Three years ago, Simon Harris watched takayna – a documentary by Patagonia about the threats to Tasmania’s Tarkine region due to logging activities – and it changed his life.
“It deeply affected me,” he recalls. “I knew I had to do something to protect the forest.”
The next day, Simon called the Bob Brown Foundation, the organisation working tirelessly to protect the Tarkine against logging, and pitched his idea: at rail run through the Tarkine to raise money and awareness, and help protect the forest.
And just like that, the idea for For Wild Places was born. “For Wild Places is about taking people who are trail runners, new and old, who love to spend their leisure time running in nature,” Simon says. “We’re working to get those people interested in protecting the places they love to run in.”
Simon likens the For Wild Places ethos to sports activism. “Trail running is a huge sport by participation, so if we can help this unique group of people use their voice, raise money, and take action, that’s a really great vehicle to make change,” he says. “Runners that engage with our campaigns are out there telling the world that they’re going to run 50 kilometres through a wild place to protect it. Activism for us is about using your voice in a way that works for you.”
This year, For Wild Places received a $10,000 Impact Grant from Bank Australia, which they’re using to develop different types of events, extend their reach, and build more trail activists.
“Bank Australia are sick of me, because I’m their biggest ambassador –– I am not sure I have ever been so in love with a bank before!” Simon laughs. “I’m always asking people ‘why are you not banking with Bank Australia?’ We need to start getting comfortable with having conversations about our money and the power we have to set our planet on the right course.”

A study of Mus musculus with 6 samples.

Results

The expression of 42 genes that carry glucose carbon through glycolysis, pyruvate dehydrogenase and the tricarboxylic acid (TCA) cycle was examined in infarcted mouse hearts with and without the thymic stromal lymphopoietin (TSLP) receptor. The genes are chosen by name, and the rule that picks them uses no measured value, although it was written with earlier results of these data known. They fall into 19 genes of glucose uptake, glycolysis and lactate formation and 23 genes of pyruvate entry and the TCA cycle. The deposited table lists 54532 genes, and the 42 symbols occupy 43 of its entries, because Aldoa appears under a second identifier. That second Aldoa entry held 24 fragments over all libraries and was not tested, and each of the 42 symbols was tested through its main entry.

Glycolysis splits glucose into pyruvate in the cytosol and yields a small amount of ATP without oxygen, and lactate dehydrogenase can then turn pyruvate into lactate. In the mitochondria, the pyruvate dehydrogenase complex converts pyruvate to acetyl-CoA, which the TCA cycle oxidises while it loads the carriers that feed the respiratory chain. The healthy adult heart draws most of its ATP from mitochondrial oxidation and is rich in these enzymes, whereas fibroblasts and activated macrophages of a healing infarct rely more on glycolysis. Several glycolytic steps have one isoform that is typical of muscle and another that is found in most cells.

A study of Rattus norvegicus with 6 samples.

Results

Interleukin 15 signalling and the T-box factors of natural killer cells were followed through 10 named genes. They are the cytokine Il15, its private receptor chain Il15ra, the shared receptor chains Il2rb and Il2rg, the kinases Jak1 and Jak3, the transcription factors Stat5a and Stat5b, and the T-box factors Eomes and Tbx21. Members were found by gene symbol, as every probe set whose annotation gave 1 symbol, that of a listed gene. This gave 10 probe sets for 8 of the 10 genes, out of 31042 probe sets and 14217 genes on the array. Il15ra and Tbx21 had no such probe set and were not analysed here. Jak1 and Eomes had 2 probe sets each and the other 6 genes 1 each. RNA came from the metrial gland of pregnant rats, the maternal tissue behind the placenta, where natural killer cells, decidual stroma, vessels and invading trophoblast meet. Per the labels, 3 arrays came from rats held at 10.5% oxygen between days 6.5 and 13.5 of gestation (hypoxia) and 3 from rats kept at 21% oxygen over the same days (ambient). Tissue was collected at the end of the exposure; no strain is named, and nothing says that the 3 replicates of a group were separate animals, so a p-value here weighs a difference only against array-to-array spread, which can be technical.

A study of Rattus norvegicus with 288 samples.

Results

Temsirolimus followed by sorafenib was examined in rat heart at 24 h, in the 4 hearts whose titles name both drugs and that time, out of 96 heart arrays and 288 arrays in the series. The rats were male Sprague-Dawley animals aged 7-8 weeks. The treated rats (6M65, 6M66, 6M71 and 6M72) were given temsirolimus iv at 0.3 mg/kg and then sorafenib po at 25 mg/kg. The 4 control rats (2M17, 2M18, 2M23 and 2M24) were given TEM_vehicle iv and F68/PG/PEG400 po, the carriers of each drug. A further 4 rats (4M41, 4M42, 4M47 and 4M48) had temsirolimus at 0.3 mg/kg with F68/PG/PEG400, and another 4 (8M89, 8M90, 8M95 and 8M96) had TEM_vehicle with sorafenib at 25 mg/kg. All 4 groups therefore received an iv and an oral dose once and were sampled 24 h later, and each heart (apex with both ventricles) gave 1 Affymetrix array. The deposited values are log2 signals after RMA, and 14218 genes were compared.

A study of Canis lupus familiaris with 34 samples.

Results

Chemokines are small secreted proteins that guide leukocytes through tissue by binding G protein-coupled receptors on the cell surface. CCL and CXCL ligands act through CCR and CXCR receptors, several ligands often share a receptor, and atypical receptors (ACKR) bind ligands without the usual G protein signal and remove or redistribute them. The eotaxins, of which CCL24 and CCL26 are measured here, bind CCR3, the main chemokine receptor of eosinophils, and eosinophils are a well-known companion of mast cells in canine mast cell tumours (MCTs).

It’s something the For Wild Places team promote to runners as well. “If you’re changing your super or your banking, the knowledge of what that does is so powerful. As soon as people know the impact it can have, how can they not want to do anything about it? It’s so important to understand what your money’s doing and where it goes.”
The next event on the calendar is the Pilliga Ultra, which will be held in northwest New South Wales’ Pilliga forest in March 2022.
“We’re working with The Wilderness Society and the Gamilaraay community – the Traditional Owners – in their fight to prevent Santos from establishing up to 850 drill sites to extract coal seam gas, a planet-warming fossil fuel,” explains Simon. “If the Santos gas-mining project goes ahead, not only would this project carve up the half a million hectares of intact temperate eucalypt Pilliga forest, but it could contaminate or depressurize the Great Artesian Basin, the ancient groundwater system relied upon by the people and ecosystems of inland Australia.”
The Pilliga Ultra trail run, a small event open to around 150 runners, will take part in the Pilliga Pottery part of the forest, on three different tracks: five kilometres, 20 kilometres, and a 50-ish kilometre trail – “for the die-hard runners!”.
The 20-kilometre trail generally brings in people who might not be runners, but who are passionate about the environment and want to get involved, so is a great option for those more interested in a vigorous hike than a flat-outrun. The trail itself, according to Simon, is extremely diverse. “It’s hilly, grassy and gnarly. There are lots of spiders! But that’s why you do it,for the nature. It’s everything trail runners would want in a trail.”
Registrations for the Pilliga Ultra are still open, with whispers a Victorian event will be added to the calendar next year as well.
“I would really encourage people, regardless of whether you think of yourself as a runner, to get involved,” Simon says. “Part of why we started For Wild Places is that we really believe people only protect what they understand. So if people are in nature, they experience and understand what it is, and why it needs looking after. We need to build a relationship with Mother Nature.”